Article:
3 key questions to ask when you’re buying a rent roll

So you’ve found the perfect addition to your agency. Or maybe it’s the ideal start-up portfolio, ready for all your energy and vision for your very own real estate agency. Buying a rent roll is not like buying a house – there’s no simple ‘building and pest’ – but there is some critical info you need to find out before you’re locked into your purchase. I’ve seen too many buyers swept up in the excitement, forgetting these 3 key questions!

1. Where did the properties come from? It’s great news for you if the principal themselves has been busy doing BDM work and growing the rent roll organically. You’re going to have a legal undertaking from them (a restraint deed) that ensures they won’t compete with you in the future. Any relationships they have with landlords will be yours – that’s what you’re buying, the goodwill.

But what about external referral sources? I sold a rent roll where there’d been a very close working relationship with an active buyers’ agency. It’d been a couple of years earlier, so many of the staff probably didn’t even know about the 4-5 new managements that had come from this external source every month. And guess what this agency had done since then? Not only had they maintained their relationships with these buyers as their trusted investment advisors, but they’d also started a property management division. And once the rent roll sale became public knowledge, many of their clients (landlords in the sale) chose to move across to their service.

Fortunately for the rent roll buyers the majority of these losses happened during the retention period and it didn’t cost them. But it was a hidden risk that would have been easily discovered in a short meeting with the sellers, with well-prepared questions.

2. Who do the landlords know and trust? If there’s a popular property manager, someone who’s been key in serving the landlords over a long time, you’ll be keen to bring them into your team. They’ll have some restrictions in their employment agreement (another thing for your checklist?!) that may protect you if they do choose to go down the road to a competitor, and in my experience it’s that first couple of months after settlement during retention when any damage is done. But knowledge is power in a rent roll purchase and I’d always want to know about any notable PM-client relationships when I bought. 

I know this one seems obvious. But when I sold my own agency in 2023 there was a previous team member my buyers never asked after. He’d had a lot to do with our landlords as head of PM for more than a decade and he’d held key roles in the agency for most of its 18 years in operation. And he’d only left our team less than a year earlier. Luckily for the buyers he’s an honourable guy and no threat to their purchase. But as a rent roll buyer I’d definitely have wanted to know about him and where he was currently working. It was another risk undiscovered through the due diligence process.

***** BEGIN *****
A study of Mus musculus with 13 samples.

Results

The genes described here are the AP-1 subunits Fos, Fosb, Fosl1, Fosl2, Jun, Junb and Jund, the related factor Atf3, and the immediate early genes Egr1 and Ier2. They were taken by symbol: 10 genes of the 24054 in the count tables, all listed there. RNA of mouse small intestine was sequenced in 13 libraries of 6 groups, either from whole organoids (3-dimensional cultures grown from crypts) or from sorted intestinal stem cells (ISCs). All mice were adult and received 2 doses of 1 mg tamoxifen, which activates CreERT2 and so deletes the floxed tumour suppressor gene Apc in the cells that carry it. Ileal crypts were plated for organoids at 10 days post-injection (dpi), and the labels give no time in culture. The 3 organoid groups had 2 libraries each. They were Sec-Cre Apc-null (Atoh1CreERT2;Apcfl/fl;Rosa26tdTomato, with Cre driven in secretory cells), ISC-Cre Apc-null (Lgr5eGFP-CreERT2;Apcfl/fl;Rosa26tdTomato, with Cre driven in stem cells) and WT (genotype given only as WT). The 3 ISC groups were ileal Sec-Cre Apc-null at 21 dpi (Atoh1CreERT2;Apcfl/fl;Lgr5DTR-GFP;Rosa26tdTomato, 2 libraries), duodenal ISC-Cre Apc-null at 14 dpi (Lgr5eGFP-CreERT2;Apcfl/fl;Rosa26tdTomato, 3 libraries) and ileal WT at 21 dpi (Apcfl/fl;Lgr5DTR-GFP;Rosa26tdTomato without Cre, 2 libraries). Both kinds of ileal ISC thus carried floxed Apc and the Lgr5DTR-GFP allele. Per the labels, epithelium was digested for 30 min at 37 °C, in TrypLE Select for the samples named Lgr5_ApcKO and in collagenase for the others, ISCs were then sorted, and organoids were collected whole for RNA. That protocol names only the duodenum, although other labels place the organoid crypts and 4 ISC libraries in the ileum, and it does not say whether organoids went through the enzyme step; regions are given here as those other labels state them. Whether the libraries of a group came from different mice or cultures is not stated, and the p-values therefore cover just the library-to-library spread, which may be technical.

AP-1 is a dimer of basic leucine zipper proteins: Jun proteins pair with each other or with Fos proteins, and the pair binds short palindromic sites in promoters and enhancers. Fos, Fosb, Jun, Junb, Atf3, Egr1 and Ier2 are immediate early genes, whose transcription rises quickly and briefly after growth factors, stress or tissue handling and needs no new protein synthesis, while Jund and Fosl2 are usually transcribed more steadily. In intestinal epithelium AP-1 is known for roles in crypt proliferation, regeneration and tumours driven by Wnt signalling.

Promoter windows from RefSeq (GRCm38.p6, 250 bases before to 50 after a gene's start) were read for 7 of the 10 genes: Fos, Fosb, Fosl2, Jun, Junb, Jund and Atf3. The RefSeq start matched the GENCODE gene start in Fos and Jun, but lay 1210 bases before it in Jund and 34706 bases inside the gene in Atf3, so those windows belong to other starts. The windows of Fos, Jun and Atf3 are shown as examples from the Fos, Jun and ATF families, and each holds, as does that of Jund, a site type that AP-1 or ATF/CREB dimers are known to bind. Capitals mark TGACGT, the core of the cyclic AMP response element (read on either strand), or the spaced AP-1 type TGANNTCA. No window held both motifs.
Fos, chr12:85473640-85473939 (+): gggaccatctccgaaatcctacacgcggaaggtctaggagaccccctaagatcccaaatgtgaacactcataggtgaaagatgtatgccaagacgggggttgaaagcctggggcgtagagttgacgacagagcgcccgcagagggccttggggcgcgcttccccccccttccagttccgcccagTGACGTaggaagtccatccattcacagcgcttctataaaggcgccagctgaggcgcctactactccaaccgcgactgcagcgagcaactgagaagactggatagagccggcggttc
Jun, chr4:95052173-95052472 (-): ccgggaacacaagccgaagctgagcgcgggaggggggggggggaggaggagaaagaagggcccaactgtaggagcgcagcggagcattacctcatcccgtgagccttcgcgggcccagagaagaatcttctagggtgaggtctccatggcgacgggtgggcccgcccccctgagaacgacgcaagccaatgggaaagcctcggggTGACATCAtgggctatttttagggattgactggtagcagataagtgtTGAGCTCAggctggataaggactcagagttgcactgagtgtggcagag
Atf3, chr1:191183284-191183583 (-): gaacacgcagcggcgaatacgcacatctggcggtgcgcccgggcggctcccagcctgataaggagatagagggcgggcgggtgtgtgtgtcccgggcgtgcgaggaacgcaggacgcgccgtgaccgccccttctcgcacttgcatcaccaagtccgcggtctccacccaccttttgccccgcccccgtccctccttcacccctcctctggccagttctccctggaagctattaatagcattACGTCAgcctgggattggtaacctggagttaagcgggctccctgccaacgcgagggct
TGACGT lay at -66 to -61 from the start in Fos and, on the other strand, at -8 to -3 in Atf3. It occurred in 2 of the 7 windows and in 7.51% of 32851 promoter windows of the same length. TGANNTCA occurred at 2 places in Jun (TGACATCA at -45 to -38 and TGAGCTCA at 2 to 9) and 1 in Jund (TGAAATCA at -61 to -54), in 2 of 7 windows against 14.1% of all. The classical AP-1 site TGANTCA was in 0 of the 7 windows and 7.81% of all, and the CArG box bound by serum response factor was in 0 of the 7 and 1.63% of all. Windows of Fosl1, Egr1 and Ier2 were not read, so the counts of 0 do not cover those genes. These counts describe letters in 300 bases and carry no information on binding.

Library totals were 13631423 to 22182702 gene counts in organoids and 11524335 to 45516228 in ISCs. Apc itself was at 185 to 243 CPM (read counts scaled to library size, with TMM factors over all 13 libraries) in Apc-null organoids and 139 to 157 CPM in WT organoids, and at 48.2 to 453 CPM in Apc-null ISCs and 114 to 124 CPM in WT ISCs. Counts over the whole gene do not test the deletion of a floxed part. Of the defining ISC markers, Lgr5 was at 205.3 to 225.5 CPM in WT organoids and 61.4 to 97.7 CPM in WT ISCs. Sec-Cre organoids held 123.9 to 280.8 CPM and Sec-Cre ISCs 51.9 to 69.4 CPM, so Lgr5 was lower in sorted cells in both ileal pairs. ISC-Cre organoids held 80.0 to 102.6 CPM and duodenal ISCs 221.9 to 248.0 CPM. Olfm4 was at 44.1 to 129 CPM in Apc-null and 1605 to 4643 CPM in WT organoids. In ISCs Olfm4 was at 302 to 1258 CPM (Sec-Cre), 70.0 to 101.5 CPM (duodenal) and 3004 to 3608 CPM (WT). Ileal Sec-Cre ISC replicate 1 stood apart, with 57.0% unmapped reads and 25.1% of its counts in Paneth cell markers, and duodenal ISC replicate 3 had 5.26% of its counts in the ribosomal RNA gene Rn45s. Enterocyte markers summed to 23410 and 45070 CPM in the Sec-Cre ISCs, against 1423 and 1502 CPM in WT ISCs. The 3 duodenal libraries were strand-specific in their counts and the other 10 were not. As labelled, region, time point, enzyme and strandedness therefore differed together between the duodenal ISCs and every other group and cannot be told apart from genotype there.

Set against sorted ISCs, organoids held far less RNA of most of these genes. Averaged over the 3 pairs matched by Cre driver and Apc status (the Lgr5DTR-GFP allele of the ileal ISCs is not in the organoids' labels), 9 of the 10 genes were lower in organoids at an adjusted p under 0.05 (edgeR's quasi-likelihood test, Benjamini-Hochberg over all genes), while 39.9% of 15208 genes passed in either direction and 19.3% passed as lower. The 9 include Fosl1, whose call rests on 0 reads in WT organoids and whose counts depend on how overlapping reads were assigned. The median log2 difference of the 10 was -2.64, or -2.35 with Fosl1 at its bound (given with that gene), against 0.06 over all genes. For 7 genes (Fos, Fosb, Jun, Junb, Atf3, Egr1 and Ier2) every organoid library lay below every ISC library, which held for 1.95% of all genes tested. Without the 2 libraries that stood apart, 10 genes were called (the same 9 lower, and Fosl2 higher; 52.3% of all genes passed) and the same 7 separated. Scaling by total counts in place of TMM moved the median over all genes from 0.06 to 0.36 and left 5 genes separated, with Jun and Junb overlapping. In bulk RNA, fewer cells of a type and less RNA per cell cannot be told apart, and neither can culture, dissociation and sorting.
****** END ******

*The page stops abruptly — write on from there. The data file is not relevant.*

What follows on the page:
3. Are the landlords expecting a high level of service? “Of course!”, you answer. Yes, all clients want good service. But are their expectations realistic? What kind of response times are they currently getting for calls and emails returned, for example? I bought a rent roll many years ago where the PM’s were paid a percentage of their portfolio income, highly incentivised to grow the number of properties through premium service and referrals. So they answered landlord calls at 7.30 and 8pm. They were rapid fire with their email replies. As a rent roll broker I’d be describing that in my ads as a “well run, high service rent roll”!

So where’s the problem with that? My agency always had a great team. I took the view that we wanted the best people and always tried to provide the best workplace I could. But I didn’t remunerate the way that agency had done. Our service was really good – but it disappointed a lot of those incoming landlords! I never expected (or paid) my PM’s to answer calls at 8pm. I’d argue no agency was going to live up to what these clients had experienced, but unfortunately a sizable number left my business to find that out for themselves. It was an expensive mistake on my part and, again, one I could have avoided with more and better questions during my purchase. 

Every rent roll purchase includes a due diligence period when you can take a ‘deep dive’ into the agency and ensure you know all about what you’re buying. There’s some excellent service providers who’ll do much of this for you, checking Form 6’s and ECR’s and smoke alarm compliance and all those details that help you understand many of your risks.

But I’d highly recommended you also get involved yourself. Ask the sellers some of these key questions. Respectfully and with mutual trust – that’s a fundamental part of rent roll transactions. But you deserve to know how the future could look for this asset once it’s yours. You deserve to have your questions answered.

I’d love to have a confidential chat with you about your rent roll plans. Please call me on 0423 332 022.